Polish authorities are looking into demanding reparations from Germany for the massive losses inflicted on Poland during World War II, an official said Wednesday.
The Polish parliament’s research office is preparing an analysis of whether Poland can legally make the claim and will have it ready by Aug. 11, said Arkadiusz Mularczyk, a lawmaker with the ruling Law and Justice party who requested the report.
The step comes after Jaroslaw Kaczynski, Poland’s most powerful politician, said the “Polish government is preparing itself for a historical counteroffensive.”
“We are talking here about huge sums, and also about the fact that Germany for many years refused to take responsibility for World War II,” Kaczynski, the leader of the conservative ruling party, told Radio Maryja last week.
In Berlin, Ulrike Demmer, a spokeswoman for Chancellor Angela Merkel, reacted by saying: “Of course Germany stands by its responsibility in World War II, politically, morally and financially.”
“It has made significant reparations for general war damage, including to Poland, and is still paying significant compensation for Nazi wrongdoing,” Demmer told reporters.
The massive suffering inflicted on Poland has been a topic of public discussion as Poland marked the anniversary this week of the start of the Warsaw Uprising of 1944. The doomed revolt against the Nazi German occupying forces resulted in the killing of 200,000 Poles and the near-total destruction of the Polish capital.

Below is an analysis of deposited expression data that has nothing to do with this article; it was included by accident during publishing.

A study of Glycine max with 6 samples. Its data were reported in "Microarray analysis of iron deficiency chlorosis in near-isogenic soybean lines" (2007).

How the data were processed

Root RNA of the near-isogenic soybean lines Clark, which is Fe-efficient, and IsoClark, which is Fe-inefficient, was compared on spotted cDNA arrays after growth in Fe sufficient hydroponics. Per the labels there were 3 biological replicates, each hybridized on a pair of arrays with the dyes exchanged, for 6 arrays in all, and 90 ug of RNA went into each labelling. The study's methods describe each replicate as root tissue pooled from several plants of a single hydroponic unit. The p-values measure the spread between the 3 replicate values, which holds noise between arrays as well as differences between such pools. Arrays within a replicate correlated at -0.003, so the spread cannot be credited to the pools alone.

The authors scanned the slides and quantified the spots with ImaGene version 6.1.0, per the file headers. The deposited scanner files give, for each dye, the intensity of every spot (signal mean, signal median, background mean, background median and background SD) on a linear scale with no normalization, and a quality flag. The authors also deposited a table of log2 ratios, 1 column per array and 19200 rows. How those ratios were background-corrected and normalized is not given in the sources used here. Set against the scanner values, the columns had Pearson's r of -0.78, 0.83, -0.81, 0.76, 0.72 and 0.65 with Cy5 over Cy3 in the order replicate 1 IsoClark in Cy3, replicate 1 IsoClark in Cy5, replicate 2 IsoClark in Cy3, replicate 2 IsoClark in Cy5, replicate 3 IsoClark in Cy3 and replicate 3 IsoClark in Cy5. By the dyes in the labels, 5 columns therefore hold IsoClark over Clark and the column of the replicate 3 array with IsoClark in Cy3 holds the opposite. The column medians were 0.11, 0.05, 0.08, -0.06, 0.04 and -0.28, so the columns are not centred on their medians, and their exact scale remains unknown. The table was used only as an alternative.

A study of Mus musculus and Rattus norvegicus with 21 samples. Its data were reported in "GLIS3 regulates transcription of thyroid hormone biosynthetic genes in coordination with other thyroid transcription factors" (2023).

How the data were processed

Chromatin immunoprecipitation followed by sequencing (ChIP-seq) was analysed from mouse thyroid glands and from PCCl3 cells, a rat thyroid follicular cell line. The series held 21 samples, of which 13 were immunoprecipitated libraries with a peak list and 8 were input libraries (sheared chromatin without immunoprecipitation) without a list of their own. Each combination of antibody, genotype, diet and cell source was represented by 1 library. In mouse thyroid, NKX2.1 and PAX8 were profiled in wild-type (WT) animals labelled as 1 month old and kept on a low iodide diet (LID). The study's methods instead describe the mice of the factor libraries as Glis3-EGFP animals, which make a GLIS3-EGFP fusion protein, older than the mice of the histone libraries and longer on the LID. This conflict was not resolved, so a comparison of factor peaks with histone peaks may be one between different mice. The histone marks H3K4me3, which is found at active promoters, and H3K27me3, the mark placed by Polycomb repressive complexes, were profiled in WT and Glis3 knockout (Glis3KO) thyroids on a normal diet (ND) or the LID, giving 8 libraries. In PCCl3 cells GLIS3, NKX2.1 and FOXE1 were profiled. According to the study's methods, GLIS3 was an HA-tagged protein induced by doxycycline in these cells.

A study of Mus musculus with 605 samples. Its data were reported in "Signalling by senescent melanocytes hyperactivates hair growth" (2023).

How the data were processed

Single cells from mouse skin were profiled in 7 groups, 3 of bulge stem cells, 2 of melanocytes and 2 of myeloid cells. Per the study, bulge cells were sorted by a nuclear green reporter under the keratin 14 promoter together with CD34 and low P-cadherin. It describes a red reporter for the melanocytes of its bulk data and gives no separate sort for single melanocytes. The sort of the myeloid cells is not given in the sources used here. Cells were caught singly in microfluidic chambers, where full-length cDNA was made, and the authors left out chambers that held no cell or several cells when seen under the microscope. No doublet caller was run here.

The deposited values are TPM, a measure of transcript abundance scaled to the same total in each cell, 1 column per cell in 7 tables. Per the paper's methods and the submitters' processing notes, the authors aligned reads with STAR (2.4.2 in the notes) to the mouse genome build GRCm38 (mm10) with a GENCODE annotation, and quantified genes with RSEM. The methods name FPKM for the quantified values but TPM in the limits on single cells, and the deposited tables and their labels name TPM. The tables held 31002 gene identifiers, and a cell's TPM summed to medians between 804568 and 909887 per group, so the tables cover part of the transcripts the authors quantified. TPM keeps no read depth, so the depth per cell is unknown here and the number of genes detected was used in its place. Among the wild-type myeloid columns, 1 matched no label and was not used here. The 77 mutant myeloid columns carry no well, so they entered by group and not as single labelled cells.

Amid the observances, Defense Minister Antoni Macierewicz said Tuesday that Germans need to “pay back the terrible debt they owe to the Polish people.”
World War II, which began with the German invasion of Poland in 1939, killed nearly 6 million Polish citizens and inflicted huge material losses, including the destruction of cultural treasures, industry and entire cities.
Kaczynski called for reparations from Germany when he was prime minister more than a decade ago, adding to tensions between Poland and Germany, important trade partners and allies in NATO and the European Union.
His party, Law and Justice, has a nationalist bent and is often critical of Germany, accusing it of unfairly dominating other EU members.
Germany has paid billions of euros over the years in compensation for Nazi crimes, primarily to Jewish survivors, and acknowledges the country’s responsibility for keeping alive the memory of Nazi atrocities.
“If Jews have gotten compensation — and rightly so — for loss of property, why shouldn’t we too make claims?” Ryszard Czarnecki, a ruling party member and deputy head of the European Parliament, told Polska The Times.
Poland’s former communist government, under pressure from the Soviet Union, agreed in 1953 to not to make any further claims on Germany.